When considering to grow your own garlic, your goal would be to have a good crop of it. Factors to consider are using a well prepared good soil, planting in the right place, the right depth, the right time, watering and weeding.
Location to Grow Garlic
Garlic is a sun hungry plant. Consider very well where you would grow your garlic. Always choose a spot where it will be hit by the sun all day long. You can consider partial sun, like half a day, but it will not yield as large as the one in full sun.
Seed and Variety of Garlic
High quality garlic seed are readily available from mail order sources. However, you can always use the cloves that are bought from the grocery. Professional garlic growers refer to these cloves as ‘garlic seed’. Always choose the large cloves from the outside of the head to use as your seed.
Ordering high quality ‘garlic seeds’ is just a means to know what type of garlic you are going to grow. Varieties range from hot and spicy, like the German Red, to spicy biting flavor, which is the Italian Purple, the favorite of many. Others look into the soft neck kind which is ideal for braiding. Some are easy to peel kind like the Spanish Rojo. The most popular kind, which is grown in China, is the Early Asian purple skin. China boasts of growing at least 10 million tons of garlic which is about 77% of the world’s garlic production.
Preparing Soil for Garlic
Just like with any root crop, good soil is the key to growing garlic successfully. Excellent soil is hard to come by. Thankfully there is a way of improving the soil that you are considering to plant your garlic. Throwing in the right amounts of humus or compost and well rotted manure usually does the job.
You want a soil that is high in nutrients and a consistency that is like that of a snowball. Test your soil by forming it into a ball. Then gently open it. If it yields and crumbles when you carefully press on it, this is a good soil consistency. If you can not easily form a ball with your soil, this contains too much sand. Just add more compost or humus. If you can form a ball out of your soil but does not crumble easily, just add compost or humus and sharp sand.
The soil’s pH is really important to consider also. Cheap testing kits are readily available at you local garden centers. The ideal reading should be between 6.0 and 6.8. A lower reading means your soil contains too much acid. Adding little amounts of lime does the trick. If your reading is over 7.0, your soil has too much alkaline. Adding garden sulfur and some extra compost will make it more balanced. Perfect soil is quite naturally hard to achieve. Readings near the ideal will do. Adding compost or humus always helps.
When using commercial fertilizer, always do a 10 by 10 by 10 mix. The three main components are nitrogen, phosphorus and potassium. This means that each comprise 10 percent of the fertilizer. Always follow the package recommendation. We all know that too much fertilizer is just as bad as none.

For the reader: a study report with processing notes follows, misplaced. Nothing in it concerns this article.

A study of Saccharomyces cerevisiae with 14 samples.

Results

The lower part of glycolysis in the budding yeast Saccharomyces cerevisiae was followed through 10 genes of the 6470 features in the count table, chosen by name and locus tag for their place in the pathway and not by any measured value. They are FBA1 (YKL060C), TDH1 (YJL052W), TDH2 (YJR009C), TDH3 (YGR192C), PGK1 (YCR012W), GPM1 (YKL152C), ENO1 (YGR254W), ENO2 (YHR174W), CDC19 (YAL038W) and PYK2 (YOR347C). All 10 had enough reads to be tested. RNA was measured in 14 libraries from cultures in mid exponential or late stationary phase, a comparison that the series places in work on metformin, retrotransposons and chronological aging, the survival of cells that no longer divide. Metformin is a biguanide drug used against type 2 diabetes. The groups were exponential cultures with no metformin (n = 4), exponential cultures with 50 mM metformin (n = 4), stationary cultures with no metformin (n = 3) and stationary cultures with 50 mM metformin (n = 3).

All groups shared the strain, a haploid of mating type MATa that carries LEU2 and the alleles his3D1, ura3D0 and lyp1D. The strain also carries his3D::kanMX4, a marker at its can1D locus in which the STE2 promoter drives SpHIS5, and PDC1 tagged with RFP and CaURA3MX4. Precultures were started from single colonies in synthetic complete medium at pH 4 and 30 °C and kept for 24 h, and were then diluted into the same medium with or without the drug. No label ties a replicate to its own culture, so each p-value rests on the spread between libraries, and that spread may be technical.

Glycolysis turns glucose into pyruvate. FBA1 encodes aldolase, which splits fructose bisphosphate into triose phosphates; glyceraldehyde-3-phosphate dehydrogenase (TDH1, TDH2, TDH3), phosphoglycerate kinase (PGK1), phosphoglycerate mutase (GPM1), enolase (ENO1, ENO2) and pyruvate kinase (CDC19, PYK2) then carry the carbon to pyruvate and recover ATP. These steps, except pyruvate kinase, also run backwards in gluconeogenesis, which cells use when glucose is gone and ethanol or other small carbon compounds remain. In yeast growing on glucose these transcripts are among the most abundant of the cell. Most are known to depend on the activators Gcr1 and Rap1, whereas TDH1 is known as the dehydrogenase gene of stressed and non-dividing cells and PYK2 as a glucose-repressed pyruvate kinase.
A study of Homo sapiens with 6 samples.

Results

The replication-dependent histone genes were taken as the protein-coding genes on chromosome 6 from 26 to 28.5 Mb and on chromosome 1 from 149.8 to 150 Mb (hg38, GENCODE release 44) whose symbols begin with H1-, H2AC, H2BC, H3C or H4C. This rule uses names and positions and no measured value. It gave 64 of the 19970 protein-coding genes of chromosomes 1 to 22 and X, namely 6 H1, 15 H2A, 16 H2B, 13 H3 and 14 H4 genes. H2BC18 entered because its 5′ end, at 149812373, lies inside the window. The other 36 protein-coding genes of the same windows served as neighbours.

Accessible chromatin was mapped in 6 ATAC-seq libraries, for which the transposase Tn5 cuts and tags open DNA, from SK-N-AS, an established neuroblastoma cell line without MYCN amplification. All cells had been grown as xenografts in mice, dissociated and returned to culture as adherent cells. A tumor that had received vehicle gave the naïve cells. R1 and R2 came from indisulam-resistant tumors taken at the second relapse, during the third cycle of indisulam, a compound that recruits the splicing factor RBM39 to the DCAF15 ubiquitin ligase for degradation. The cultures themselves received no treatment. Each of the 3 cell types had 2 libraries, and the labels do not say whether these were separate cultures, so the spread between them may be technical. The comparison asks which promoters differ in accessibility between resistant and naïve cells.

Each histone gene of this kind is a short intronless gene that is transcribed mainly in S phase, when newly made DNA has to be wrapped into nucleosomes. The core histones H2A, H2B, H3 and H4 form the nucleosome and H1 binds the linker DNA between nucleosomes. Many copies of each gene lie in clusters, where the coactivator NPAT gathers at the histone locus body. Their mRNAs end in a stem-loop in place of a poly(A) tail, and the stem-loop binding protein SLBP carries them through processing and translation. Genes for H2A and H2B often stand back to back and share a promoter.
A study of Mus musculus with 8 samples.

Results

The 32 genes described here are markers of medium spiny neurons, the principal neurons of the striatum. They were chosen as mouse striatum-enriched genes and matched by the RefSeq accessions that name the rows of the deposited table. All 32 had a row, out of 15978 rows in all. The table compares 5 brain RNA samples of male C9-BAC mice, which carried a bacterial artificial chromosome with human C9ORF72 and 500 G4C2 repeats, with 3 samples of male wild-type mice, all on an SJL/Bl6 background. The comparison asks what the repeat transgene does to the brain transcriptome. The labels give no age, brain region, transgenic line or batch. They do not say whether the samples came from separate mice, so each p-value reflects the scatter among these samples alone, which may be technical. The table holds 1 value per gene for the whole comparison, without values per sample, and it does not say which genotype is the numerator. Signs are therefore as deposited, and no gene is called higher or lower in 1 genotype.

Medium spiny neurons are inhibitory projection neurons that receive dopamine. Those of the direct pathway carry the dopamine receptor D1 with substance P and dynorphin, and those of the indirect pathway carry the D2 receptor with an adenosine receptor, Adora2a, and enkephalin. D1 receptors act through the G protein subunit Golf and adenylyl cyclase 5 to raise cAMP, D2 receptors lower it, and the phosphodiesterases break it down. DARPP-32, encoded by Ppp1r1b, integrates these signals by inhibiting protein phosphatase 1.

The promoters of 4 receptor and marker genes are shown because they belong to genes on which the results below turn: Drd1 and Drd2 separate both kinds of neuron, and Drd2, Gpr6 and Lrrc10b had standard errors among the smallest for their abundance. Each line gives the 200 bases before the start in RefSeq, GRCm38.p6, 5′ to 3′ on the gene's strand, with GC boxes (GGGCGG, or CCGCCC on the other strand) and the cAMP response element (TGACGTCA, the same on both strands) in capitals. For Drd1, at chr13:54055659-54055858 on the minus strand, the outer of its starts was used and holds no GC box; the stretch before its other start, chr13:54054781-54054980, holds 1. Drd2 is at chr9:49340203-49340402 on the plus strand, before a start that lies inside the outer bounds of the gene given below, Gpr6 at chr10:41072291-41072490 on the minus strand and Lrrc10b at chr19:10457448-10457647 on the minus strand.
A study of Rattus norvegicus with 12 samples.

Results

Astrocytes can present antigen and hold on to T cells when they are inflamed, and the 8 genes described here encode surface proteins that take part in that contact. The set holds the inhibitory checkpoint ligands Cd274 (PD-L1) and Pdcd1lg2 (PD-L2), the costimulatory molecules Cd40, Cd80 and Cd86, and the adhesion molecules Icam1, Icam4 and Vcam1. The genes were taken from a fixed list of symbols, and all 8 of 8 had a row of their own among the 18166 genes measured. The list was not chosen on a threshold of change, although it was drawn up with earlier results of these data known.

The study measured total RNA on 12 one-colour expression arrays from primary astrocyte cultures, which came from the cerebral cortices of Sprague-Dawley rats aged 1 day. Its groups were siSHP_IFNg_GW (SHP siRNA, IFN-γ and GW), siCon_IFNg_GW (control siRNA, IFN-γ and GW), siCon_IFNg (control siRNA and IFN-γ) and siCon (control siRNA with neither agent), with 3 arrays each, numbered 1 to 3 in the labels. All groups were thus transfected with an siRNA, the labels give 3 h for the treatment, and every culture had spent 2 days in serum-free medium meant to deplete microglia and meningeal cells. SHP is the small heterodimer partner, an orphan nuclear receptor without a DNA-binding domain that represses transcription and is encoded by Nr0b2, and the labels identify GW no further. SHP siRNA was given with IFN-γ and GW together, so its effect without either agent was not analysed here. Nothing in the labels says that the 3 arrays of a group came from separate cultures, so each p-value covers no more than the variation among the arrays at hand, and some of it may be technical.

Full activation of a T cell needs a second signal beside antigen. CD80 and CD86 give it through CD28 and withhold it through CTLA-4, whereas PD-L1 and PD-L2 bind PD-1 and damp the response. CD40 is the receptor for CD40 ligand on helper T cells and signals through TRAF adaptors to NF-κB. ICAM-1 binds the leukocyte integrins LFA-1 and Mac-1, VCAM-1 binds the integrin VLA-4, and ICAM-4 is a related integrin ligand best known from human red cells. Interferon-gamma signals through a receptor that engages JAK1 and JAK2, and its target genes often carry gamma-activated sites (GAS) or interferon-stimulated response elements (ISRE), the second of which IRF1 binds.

Planting the Garlic
If the soil is ready, you should do some digging and loosening. Make sure that the garden bed is well dug and loose up to one foot deep. The object here is to give your garlic room to grow. If you are planting in a cold climate, plant the cloves 2-4 inches deep. Otherwise, plant them at least 1 inch deep. The cloves must be planted pointed end up. Intervals of 3-5 inches, is good and at least 18 inches between rows is ideal. Garlic sprouts quickly. You will see these sprouts sometimes in as little as three days. But it does have a long way to go before these cloves become new heads.
The first three days is crucial to your newly planted cloves. Your must water them thoroughly during this period. After this, routine watering like with any other root crop can be followed. Watering them every few days, just enough to not let the soil dry out and just enough not to drown you bulbs.
When to Plant Garlic
Garlic requires cool weather during the early stage of growth. It is best to plant them during the months of October and November. This is also true in cold weather areas where winter occurs. It is best though to cover your bulbs with mulch to keep them from freezing. In tropic countries, covering it with mulch is also a practice.
The time of harvest is crucial to the quality of garlic you will get. Do not allow your garlic to flower. This takes up much energy away from the roots. If you would see signs of flowering, just break the stem to upset the activity. Garlic has its own way of telling you when to harvest. The tell tale signs that you should harvest garlic is when the stalks start to turn brown. Leaving them longer than usual in the ground during this time results in either dried out or split bulbs. In some cases, you will end up with useless ones. Use a pitch fork or a spading fork to loosen the soil when taking out your garlic. Do not pull on the stalks as breaking is very likely. Once out, brush away the dirt and dry the bulbs under the sun. If however you feel the need to use fresh garlic before the time of harvest and that you don’t mind small bulbs, you may do so. Then let the rest of your crops mature.
Garlic needs to have good air circulation. A more popular way of storing them is to form garlic braids. For bulk storage, put them inside a mesh bag and hang. The ideal storing temperature would be between 50-70 F and humidity between 50-60% range. Do not store in high humidity like insidethe refrigerator as they will try to sprout and the taste will not be suitable for any of your cooking recipes.